Reader, it did eventually stop raining.
We arrange transport to the east side of the island and spend three nights in Matemwe. Shortly after our arrival, the sun finally comes out.
We stay at the Seles Hotel. (Well, actually, at a nearby private annex.)
After days of torrential downpours, it’s a pleasure to sit in the sun.
It’s very relaxing. Relatively little harassment from people selling stuff on the beach.
We go on a snorkeling/scuba excursion to the Mnemba Atoll, just offshore from Mnemba Island.
This is what he coast looks like from the small boat that takes us to the atoll.
We see lots of fish, including a mantis shrimp.
Maria can’t resist going for a swim in between snorkeling sites.
This photo shows the unearthly blue of the waters surrounding the atoll on the return trip.
Our next stop is Kiwengwa, a village down the coast.
It shares the same powdery white sand as Matemwe. We’ve never seen such a clean beach in a developing country. Probably because the locals don’t have the money to purchase consumables that turn into trash.
The Sipano Lodge is our home for the next few days.
One unusual aspect of Kiwengwa is the use of lateen-sailed catamarans. Just 15 kilometres up the coast, all of the boats have outboard motors.
We can’t resist cat pictures. This is Rafiki, the hotel’s resident cat.
These places are in a transitional state of touristic development. There are extremely expensive private resorts owned by global European hotel chains like Melia and TUI. But there are also many medium-priced accommodations. But not too many.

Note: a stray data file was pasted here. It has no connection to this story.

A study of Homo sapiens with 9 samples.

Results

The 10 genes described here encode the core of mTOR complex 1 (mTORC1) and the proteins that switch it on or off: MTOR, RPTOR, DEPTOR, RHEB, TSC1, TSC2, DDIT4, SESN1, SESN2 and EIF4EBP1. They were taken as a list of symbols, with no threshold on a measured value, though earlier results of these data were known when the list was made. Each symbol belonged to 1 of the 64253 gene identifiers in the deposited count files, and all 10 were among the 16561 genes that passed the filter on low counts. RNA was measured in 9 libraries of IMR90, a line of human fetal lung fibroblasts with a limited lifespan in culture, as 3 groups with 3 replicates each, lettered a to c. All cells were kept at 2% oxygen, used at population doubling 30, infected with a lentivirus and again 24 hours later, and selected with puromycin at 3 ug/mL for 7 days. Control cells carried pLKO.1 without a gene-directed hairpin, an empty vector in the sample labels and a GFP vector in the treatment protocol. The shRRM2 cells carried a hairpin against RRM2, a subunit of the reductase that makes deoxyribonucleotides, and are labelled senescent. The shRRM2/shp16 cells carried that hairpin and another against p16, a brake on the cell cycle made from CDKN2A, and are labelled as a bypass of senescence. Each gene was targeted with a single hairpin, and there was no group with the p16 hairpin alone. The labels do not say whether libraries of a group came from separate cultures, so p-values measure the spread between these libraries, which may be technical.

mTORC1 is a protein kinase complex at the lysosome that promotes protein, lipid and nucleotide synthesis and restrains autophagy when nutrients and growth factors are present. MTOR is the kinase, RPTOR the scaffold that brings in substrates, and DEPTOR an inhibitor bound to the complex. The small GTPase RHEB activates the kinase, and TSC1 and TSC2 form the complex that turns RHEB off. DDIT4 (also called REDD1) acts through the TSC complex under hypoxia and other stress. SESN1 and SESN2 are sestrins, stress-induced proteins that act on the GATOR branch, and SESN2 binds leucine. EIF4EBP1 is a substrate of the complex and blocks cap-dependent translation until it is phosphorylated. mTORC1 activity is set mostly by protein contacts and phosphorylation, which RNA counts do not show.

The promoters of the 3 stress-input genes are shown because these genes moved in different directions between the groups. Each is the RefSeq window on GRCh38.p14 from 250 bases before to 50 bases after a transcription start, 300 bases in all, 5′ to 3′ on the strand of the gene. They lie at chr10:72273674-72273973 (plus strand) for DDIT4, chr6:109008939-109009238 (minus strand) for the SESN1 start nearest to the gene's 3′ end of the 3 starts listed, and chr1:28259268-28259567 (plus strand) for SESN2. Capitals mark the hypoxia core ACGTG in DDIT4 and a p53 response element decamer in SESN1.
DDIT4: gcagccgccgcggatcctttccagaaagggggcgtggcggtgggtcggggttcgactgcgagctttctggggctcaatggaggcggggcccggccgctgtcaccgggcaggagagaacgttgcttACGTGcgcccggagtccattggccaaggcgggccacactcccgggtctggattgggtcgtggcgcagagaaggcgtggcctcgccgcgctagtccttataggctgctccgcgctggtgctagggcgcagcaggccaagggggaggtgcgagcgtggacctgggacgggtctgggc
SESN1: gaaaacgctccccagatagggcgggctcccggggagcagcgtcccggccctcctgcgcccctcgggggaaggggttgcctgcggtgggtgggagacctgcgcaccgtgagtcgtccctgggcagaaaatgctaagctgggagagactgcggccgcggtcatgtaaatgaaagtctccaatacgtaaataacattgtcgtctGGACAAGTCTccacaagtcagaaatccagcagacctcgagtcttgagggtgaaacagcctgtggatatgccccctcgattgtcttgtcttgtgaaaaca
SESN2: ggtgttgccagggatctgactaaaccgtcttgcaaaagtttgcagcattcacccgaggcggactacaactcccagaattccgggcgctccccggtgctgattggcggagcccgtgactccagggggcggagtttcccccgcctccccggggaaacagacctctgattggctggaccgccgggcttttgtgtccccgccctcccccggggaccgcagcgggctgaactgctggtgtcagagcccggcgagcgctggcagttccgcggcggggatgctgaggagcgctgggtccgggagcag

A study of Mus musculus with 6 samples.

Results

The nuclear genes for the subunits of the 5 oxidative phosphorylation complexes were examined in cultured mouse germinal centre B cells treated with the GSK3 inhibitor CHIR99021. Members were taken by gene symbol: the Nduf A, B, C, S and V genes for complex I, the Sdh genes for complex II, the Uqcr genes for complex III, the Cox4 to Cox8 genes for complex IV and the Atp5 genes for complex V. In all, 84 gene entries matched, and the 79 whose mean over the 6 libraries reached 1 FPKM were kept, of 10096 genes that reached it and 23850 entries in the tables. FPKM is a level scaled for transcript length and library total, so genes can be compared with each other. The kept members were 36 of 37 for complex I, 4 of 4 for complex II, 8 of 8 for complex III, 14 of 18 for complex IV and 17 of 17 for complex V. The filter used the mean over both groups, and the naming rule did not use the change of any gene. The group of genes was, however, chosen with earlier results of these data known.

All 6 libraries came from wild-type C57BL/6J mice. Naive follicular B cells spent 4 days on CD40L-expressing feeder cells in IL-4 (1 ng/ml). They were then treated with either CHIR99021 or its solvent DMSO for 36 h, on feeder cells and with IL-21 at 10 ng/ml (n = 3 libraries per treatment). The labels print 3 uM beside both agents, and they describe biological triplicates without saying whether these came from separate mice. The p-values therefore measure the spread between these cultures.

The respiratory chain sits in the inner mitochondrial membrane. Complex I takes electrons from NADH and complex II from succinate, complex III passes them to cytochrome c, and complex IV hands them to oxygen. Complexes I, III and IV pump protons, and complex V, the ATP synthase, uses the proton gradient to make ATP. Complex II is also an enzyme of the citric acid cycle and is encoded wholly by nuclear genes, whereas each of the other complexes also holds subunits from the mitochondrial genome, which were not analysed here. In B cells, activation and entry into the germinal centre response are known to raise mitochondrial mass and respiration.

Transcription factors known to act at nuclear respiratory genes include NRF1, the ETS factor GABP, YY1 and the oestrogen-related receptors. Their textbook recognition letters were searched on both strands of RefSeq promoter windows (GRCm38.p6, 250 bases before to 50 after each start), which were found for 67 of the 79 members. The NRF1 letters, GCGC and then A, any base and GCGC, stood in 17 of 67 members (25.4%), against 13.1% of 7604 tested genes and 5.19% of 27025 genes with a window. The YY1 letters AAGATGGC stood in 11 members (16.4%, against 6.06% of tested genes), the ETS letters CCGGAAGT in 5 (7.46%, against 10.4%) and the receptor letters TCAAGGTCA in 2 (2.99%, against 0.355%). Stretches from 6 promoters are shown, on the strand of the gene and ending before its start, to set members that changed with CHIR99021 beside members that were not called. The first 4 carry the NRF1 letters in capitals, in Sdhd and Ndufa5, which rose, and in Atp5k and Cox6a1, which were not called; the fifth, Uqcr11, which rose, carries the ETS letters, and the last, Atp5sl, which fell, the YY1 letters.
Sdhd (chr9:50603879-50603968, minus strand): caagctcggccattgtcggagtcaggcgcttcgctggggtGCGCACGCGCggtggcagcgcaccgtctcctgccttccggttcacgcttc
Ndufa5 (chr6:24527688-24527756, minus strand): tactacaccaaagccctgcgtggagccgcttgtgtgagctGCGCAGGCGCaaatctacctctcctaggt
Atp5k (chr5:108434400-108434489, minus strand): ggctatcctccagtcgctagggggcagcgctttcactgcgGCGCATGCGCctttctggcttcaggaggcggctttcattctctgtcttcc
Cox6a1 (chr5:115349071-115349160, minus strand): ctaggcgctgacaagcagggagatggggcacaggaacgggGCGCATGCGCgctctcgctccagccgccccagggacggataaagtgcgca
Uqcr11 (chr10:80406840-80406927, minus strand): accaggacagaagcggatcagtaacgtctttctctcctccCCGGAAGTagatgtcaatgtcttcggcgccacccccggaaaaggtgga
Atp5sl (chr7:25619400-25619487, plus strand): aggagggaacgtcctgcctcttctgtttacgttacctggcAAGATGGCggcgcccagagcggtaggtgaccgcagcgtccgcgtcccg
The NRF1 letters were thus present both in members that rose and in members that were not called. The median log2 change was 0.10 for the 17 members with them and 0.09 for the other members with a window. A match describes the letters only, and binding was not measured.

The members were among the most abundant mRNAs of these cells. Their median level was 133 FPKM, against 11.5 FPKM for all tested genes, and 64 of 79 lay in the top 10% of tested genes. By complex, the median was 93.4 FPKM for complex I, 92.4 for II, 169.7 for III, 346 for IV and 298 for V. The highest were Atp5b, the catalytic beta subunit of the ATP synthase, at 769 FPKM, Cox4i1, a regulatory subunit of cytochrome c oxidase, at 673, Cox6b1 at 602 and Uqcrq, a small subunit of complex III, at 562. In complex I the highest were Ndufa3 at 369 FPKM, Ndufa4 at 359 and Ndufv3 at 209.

In another ten years, the seafront will probably be full of concrete monstrosities and abandoned, half-completed construction sites, like Mexico and Turkey.
The place is not yet overrun with Russians. We have found that many places Russians like to go to are sort of disreputable. We have yet to figure out if Russians go to them because they’re disreputable (that is, nobody scolds them about their journalist-murdering, baby-killing fascist regime), or they become disreputable because Russians go there.
Sight or Insight of the Day
There is always trouble in Paradise.
This place is so beautiful. But following the global trend, so many beachfront places have atrocious music blaring out from gigantic speakers at atom-shattering volume. Why anyone would prefer to hear brain-dead techno music instead of the sound of the sea and the wind blowing through the palms is beyond comprehension.